The antenna is matched to be 50 ohm at A (Fig. a). So, to measure it in practice, the author designed a 50-ohm transmission line which connects A to B. Am I right?
The antenna by itself is not a 50 ohm, resonant antenna. It will likely have a complex impedance that needs to be transformed to a 50 ohm purely resistive impedance (typically). That is the job of the matching network. I believe you can see the matching network in picture B just above the highlight box you added.
From the matching network, the designer has used a transmission line known as a GCPW (Grounded Coplanar Waveguide). Like any transmission line, the goal is to conduct RF current from point A to point B without radiating any RF energy while minimizing losses (attenuation). In this case, the GCPW has likely been designed to have a ZO of 50 ohms.
In the ideal case, the output impedance of the transmitter or receiver is specified as 50 ohms impedance and the antenna impedance has been transformed to a 50 ohm impedance. This minimizes the losses along the 50 ohm transmission line and allows the specified power to be conducted between the two points with minuscule radiation from the GCPW.
I think the input impedance and the performance of that antenna, if measured again at A, must be changed compared to those of the antenna only in Fig. b and c. That kind of antenna is significantly dependent on the ground plane. So, how can we know, when designing an antenna, an antenna will perform better or worse with integrated components like Fig. d?
The primary difference between picture B and D is that the transmitter/receiver components have been added to the board. These components are independent of the monopole portion of the antenna. The transmitter/receiver could also have been placed on another PCB (printed circuit board) but then some interconnect scheme would need to be used. This likely would reduce the reliability and increase the cost of the assembly but it may be necessary in some situations in order to meet form factor requirements.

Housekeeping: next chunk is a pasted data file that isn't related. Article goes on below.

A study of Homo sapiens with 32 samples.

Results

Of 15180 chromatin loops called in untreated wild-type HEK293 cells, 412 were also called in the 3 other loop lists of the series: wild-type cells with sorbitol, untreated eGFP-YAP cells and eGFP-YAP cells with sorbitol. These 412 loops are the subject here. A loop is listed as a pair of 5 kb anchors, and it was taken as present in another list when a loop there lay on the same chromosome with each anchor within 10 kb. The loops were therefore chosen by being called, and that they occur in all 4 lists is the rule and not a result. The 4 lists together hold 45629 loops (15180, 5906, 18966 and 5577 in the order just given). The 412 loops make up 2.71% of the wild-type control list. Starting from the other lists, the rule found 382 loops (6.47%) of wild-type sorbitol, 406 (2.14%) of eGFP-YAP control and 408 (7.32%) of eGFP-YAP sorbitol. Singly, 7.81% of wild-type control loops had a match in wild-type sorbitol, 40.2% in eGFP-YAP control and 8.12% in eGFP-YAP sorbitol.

Regarding the ground plane on the circuit board, this will inevitably form part of the antenna. A monopole antenna needs a return path for current. If a return path is not specifically provided, such as the second element in a dipole for example, the RF will find a return path through other means. In the case of this meander antenna, the ground plane on the circuit board becomes part of the antenna and thus radiates. This can be a design challenge because RF current is now flowing through the copper ground plane on the board and this can easily couple to other circuit elements. The designer needs to take care that this effect is understood through simulation and controlled in the implementation through careful attention to current path details.